A Low-Tech Upgrade for 411 Creates Efficiency
Bell Atlantic rolls out a semi-automated directory assistance
If you think you're conversing with a computer when you dial 411 in the mid-Atlantic region, think again: You're actually talking to a tape recorder.
Bell Atlantic recently modernized its directory assistance service. When you dial 411, after being welcomed to Bell Atlantic by the booming baritone of James Earl Jones, a synthetic voice asks you for the city and then the listing you are trying to locate. After a brief pause, a real operator comes on the line and asks you to hold for your number, after which the machine takes over again to recite the number and offer direct dial service for an additional 30 cents.
Contrary to what one might think, this process does not employ voice-recognition technology. That much-discussed but little-deployed technology is not yet able to accurately and consistently discern various dialects, accents and other subtle nuances that comprise human speech.
Rather, the Bell Atlantic system is actually based on a recording and compression device that captures the voice, compresses the call to filter out the pauses, "umms" and "ahs" and then plays it back to an operator, who punches the number up on a computerized database.
The process, said Bell Atlantic spokesman Michel Daley, saves operators an average of 1.4 seconds per directory assistance call out of a typical 24-second call. So why bother? From Bell Atlantic's view, if you multiply the 1.4 seconds by 850 million, the amount of directory assistance requests the company receives every year, you're talking real time and real money.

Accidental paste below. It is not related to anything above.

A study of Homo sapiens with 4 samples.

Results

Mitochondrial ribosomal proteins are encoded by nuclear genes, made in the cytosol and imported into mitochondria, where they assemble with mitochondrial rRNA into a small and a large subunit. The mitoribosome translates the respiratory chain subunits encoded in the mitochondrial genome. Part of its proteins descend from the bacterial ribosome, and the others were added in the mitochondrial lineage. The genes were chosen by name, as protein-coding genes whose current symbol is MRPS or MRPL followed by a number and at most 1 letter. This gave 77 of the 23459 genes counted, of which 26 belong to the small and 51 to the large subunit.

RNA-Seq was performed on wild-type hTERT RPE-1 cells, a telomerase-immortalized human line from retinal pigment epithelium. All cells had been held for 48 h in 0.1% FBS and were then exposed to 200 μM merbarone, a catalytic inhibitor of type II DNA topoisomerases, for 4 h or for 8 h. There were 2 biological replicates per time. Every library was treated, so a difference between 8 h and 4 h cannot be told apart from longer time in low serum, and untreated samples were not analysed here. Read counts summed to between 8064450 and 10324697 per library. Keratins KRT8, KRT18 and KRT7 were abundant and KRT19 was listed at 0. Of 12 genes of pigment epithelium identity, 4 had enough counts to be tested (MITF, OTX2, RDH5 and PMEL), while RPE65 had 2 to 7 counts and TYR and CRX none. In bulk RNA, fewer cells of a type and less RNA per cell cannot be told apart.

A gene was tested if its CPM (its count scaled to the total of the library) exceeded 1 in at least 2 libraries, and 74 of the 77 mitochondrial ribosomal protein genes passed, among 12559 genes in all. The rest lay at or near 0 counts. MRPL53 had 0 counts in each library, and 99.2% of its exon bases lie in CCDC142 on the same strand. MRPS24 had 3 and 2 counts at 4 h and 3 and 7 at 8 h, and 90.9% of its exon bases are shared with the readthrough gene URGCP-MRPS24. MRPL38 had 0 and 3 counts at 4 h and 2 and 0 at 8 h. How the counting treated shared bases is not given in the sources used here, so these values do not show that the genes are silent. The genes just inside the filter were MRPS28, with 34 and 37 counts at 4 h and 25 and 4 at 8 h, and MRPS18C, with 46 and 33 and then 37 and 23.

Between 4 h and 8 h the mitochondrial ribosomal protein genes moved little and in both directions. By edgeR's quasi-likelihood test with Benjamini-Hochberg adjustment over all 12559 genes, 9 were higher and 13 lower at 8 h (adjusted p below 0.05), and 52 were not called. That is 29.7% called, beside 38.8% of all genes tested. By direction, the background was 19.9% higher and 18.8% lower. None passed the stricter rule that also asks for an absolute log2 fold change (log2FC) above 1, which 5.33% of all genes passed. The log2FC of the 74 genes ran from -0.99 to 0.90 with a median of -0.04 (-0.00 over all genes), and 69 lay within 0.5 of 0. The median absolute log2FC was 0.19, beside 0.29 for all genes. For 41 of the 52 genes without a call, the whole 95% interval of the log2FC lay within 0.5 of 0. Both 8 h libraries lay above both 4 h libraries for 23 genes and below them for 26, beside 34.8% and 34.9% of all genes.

"From our standpoint, it provides greater efficiency in handling directory assistance," said Daley, who also said the new service allows operators to field more calls per day. The system, developed by BellCore and already used by US West and BellSouth, he added, also eliminates the monotony for operators who no longer have to ask the same question more than a thousand times a day.
And how well does it work? If you ask for an unusual or extraordinarily long listing, the system will sometimes asks you to hold for an operator, as it does if you answer the voice prompts with silence.
Daley said the system does what it was designed to do, and has been well-received by more than 95 percent of surveyed Bell Atlantic operators and customers. And callers who prefer human interaction, he pointed out, have the option of pressing "0" at any time to connect directly to an operator. An overwhelming majority of callers, he said, choose not to exercise that option.
Besides helping improve Bell Atlantic's bottom line, the new directory assistance system is novel in that it represents a rare instance of technology deployment not leading to unemployment.
"This system is not designed to replace operators, it is designed to help them do their jobs better," he said.
However, Daley added, Bell Atlantic plans to fire or ease out 5,600 people in its 75,000 workforce over three years, cuts that will hit the approximately 4,500 operators as well. While this particular technology won't generate any pink slips, Daley said the company intends to deploy voice recognition systems when technology permits, a move that will further, if not completely , automate the directory assistance process.
"We have had to find ways to create greater efficiencies - we are facing more competition," said Daley. "We're not a monopoly any more."